UBS, for example, has been fined a combined $545 million for rigging of interest rate and foreign-exchange markets. This represents about 2 percent of its annual cost base, or about 15 percent of its annual bonus pool for 2014 alone.
The fines are embarrassing but, let's be honest, not that punitive for institutions with such deep pockets.
The problem is that the incentives to cheat in these markets are massive. Shifting the market by a tiny fraction of a percentage point for a minute or less can generate literally millions of dollars of profits for the banks and very large bonuses for the traders involved. And that money comes from exporters and importers and institutional investors like pensions finds, and ultimately affects every one of us.
But if the incentives to cheat are large, then the way to deal with it should be clear: remove the incentives or the opportunities to cheat as far as possible and introduce even larger incentives not to cheat.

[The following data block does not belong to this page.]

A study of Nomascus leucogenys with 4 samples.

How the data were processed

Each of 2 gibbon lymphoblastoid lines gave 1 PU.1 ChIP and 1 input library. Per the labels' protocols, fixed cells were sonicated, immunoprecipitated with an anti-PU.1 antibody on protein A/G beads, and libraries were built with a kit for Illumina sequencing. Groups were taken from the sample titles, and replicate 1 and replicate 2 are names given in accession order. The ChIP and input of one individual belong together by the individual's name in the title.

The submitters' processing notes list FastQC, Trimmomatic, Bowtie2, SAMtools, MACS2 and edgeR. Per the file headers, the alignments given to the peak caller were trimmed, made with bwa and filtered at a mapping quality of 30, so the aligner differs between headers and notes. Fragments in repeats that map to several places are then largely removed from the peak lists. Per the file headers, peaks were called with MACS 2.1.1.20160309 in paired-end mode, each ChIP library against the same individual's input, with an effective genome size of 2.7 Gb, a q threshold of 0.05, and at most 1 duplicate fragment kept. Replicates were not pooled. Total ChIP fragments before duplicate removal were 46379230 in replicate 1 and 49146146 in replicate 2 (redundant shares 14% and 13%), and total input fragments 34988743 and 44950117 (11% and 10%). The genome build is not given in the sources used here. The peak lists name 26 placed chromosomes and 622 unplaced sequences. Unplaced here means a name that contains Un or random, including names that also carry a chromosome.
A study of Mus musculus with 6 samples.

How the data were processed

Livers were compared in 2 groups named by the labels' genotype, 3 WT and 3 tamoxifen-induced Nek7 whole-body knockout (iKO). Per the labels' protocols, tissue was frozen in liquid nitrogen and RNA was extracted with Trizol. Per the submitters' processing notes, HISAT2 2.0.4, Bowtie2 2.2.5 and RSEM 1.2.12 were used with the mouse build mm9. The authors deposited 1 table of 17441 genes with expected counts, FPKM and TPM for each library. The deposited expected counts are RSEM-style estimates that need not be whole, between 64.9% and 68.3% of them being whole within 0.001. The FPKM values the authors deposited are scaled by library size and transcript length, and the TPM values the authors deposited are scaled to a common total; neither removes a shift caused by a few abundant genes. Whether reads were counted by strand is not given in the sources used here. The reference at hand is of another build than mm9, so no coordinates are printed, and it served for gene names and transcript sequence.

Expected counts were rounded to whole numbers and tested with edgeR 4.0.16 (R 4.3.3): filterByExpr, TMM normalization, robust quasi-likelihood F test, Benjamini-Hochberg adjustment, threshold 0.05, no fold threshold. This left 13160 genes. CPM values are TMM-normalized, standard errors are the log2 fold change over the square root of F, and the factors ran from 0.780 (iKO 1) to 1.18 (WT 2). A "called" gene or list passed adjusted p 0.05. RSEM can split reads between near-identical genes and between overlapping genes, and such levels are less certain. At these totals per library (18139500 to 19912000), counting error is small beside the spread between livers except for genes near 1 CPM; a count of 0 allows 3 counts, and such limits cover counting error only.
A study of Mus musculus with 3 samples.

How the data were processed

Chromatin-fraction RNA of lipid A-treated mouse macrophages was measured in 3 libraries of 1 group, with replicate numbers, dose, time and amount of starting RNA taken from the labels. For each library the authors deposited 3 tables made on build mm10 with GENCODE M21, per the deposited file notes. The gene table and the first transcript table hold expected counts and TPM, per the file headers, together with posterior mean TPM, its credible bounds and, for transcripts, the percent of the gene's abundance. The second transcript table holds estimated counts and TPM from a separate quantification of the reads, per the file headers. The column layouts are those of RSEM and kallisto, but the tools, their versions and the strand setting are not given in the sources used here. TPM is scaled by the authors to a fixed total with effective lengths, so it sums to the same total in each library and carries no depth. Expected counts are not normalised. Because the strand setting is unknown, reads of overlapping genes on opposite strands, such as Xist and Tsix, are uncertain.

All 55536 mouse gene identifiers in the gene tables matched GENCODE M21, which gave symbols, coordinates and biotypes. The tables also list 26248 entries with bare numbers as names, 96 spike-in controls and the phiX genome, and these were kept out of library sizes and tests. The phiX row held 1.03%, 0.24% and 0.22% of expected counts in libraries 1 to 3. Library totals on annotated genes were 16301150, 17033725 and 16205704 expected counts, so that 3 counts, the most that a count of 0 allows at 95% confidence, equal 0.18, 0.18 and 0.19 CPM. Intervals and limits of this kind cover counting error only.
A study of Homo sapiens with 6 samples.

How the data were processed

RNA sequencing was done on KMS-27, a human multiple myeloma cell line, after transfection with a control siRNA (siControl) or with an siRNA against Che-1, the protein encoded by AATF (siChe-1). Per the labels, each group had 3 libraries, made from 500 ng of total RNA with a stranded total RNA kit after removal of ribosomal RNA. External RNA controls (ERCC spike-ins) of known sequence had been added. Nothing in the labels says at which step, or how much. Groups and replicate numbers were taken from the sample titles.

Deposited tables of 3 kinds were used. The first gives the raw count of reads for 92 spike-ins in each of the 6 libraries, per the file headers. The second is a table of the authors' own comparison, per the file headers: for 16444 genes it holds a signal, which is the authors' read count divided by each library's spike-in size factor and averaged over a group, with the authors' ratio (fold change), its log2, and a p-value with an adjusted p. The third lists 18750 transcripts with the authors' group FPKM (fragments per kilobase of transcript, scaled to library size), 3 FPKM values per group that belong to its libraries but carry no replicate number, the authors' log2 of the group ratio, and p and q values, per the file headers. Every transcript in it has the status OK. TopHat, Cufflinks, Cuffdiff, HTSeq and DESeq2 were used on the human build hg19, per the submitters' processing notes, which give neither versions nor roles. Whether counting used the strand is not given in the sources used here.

In terms of incentives not to cheat, how about criminal charges being brought against some of the individuals involved? If there was a bus company with a culture of driving recklessly, the company would no doubt be investigated but the reckless bus drivers themselves would face criminal charges. No one actually gets physically injured in financial markets but a massive amount of damage is done to the international economy by rogue traders who pocket millions in bonuses as a reward for reckless behavior without the fear — so far — of criminal prosecution.
Questions will also be asked as to why no CEO or other senior figure has resigned at any of these banks. If they were in charge of an organization when these crimes were committed as a result of a cheating culture within the bank, are they not responsible for that culture? It's easy to say it was the action of a few individuals and senior management didn't know about it. The chat room bravado of the traders involved reveals how brazen they had become ("If you ain't cheating, you ain't trying," one of them quipped online). If senior management didn't know about it, then they should have known about it. Either way, they should take responsibility.